Home for the Holidays: Pac-12 Football
Four Pac-12 Teams Staying Home This Bowl Season
The 2012-13 bowl season starts in earnest on Thursday night with the San Diego County Credit Union Poinsettia Bowl and rolls on through New Year’s Day, with a brief recess for Christmas and, of course, the Sunday NFL slate.
The Pac-12, which at times during the regular season had as many as seven teams ranked in the Top 25, sends two teams to BCS bowl games this year.
Oregon, which missed out on another trip to the national championship game with a late-season loss to Stanford, will take on Kansas State, another team that lost a shot at the title, in the Tostitos Fiesta Bowl on January 3.
The Cardinal will represent the Pac-12 in the Rose Bowl Game presented by Vizio on New Year’s Day, hosting Wisconsin. With former Badgers’ head coach Bret Bielema now at Arkansas, athletic director and former coach Barry Alvarez will lead the team in the bowl game, at the request of the senior class.
Arizona kicked off the bowl season with its thrilling 49-48 win over Nevada last weekend, and the Washington Huskies hope to continue the conference’s winning streak against Mountain West teams Saturday afternoon, when they take on Boise State in the MAACO Las Vegas Bowl.
Pac-12 South champion UCLA takes a quick jaunt down the I-5 to the Bridgepoint Education Holiday Bowl on Dec. 27. Arizona State and Oregon State, two teams that made vast improvements since last year, both play on Dec. 29 – ASU hosts Navy in San Francisco’s Kraft Fight Hunger Bowl and OSU is the home team in the Valero Alamo Bowl against Texas. On New Year's Eve, the USC Trojans take on Georgia Tech, a team that was 5-7 and needed a waiver just to become bowl eligible, in the Hyundai Sun Bowl in El Paso.
It’s a busy bowl season for many Pac-12 programs – but what about the teams that didn’t make the cut?
For the first time in nine seasons, the Utah Utes aren't playing in a postseason bowl game. They'd won eight of those nine, including the 2005 Tostitos Fiesta Bowl and 2009 Allstate Sugar Bowl, but Kyle Whittingham's squad fell just short of bowl eligibility this season, finishing with a 5-7 record.
Whittingham has spoken publicly about the tough transition period from the Mountain West Conference to the Pac-12 last season, and while stronger competition hurt their bowl hopes - the Pac-12 was especially deep this season - the Utes had other issues as well.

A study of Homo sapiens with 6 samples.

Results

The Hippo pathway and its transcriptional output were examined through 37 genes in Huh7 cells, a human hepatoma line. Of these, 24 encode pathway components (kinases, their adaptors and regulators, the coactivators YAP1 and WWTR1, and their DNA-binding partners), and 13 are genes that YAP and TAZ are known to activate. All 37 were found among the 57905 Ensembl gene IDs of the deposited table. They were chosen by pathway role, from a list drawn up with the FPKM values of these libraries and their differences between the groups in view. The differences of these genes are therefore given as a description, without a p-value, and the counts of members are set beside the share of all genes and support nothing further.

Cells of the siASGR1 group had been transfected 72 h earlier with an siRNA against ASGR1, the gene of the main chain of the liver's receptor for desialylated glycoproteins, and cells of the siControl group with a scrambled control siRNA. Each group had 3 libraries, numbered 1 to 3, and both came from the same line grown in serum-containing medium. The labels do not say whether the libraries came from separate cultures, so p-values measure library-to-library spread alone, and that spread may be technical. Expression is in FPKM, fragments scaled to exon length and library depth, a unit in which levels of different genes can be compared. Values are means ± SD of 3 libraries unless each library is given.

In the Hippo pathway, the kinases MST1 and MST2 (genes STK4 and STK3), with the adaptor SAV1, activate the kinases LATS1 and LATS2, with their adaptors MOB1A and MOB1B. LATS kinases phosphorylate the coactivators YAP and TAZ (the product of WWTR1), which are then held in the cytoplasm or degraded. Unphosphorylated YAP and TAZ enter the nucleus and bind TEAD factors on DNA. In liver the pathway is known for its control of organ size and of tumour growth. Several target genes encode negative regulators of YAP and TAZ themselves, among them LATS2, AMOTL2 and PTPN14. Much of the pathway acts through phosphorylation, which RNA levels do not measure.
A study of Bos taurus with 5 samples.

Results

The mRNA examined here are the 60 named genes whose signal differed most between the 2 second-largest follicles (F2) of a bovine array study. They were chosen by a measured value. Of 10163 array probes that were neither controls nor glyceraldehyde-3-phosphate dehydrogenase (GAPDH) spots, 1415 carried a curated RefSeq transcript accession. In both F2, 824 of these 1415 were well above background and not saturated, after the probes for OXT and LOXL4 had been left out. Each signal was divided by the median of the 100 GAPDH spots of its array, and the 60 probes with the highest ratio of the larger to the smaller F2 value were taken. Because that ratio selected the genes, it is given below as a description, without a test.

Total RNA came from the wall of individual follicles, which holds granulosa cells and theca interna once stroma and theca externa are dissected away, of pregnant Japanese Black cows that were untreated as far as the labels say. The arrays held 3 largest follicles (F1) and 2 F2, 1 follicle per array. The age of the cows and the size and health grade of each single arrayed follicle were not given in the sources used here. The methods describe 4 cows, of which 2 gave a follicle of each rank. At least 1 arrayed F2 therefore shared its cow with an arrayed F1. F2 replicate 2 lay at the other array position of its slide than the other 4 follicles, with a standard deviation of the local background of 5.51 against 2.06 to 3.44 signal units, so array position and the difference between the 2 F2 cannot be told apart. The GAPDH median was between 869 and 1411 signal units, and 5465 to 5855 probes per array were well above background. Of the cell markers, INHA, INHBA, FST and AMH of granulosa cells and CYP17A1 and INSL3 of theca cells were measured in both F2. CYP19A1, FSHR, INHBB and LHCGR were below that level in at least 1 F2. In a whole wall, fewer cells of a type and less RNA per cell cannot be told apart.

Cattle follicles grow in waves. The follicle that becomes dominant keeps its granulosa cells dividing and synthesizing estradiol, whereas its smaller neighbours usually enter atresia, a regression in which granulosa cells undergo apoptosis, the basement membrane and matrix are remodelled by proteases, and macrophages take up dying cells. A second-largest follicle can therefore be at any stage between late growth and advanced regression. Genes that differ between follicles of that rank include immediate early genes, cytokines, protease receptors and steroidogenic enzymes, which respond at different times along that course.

Tailback John White IV, a JUCO transfer turned 2011 breakout performer, was slowed by a ankle injury, although he still managed to become Utah's first back-to-back 1,000-yard rusher (breaking his arm in the process). Senior quarterback Jordan Wynn medically retired early in the year after yet another shoulder injury and was replaced by true freshman Travis Wilson, who had to learn on his feet as the season progressed.
Wilson was a raw talent who should only get better with experience, but if the rest of the conference continues playing at a high level, the Utes' road back to a BCS bowl won't get much smoother.
It's safe to say that Mike Leach's first season in Pullman wasn't quite rousing success the Cougars' PR department would've liked. Ticket sales were up, but the team went just 3-9, battling quarterback controversies, public criticisms by the coach, and allegations of abuse from a former star.
Quarterback Jeff Tuel has announced he will end his injury-ridden WSU career, and receiver Marquess Wilson, a second-team All Pac-12 selection a year ago, left the team partway through the season, claiming emotional and physical abuse by the coaches. (A school investigation found no evidence of wrong doing.
With more clarity at quarterback, and less drama from other members of the team, the Cougars will have a better chance of regrouping, and getting back on their feet in Leach's second full season.
Coach Jeff Tedford built a winning program at Cal, which made him able to help the school build new football facilities, including a nearly two-year renovation of Memorial Stadium. The team's disappointing 3-9 record didn't go so well with the program's shiny new features, and because of that, Tedford won't be the coach who gets to lead a winning team onto the new field.
The Bears have tapped Louisiana Tech's Sonny Dykes to bring the same energy to the team that the renovations brought to the physical facilities. He'll get to start fresh, as Cal graduates their starting quarterback, wide receiver, and several starting O-linemen. (On the positive side, a handful of All Pac-12 Honorable Mention recipients will return).
Dykes is hoping to get the Cal community more engaged with the program again by holding open practices, and he told beat reporters that rather than play coy about injuries like many Pac-12 coaches, he'll tell "everything that won't get [him] sued." It's too early to know for sure, but it certainly seems like a more exciting era for Cal football is underway.
It's hard to say things are looking up in Boulder but, well, they truly couldn't get too much worse. The Buffaloes went just 1-11 in 2012 and were the consensus "worst team in America," but the administration rubbed some fans the wrong way when they fired head coach (and CU alum) Jon Embree after just two seasons.
Embree will be replaced on the sidelines next season by Mike MacIntyre, who took San Jose State from 1-12 to 10-2 in three seasons on the job. The Buffs have some talented players already on the roster, and MacIntyre should have more resources to entice recruits than at SJSU, so he could be in a pretty good position to pull off another rebuilding project, one that will turn Colorado football into a respectable program again - if the athletic department lets him stick around long enough.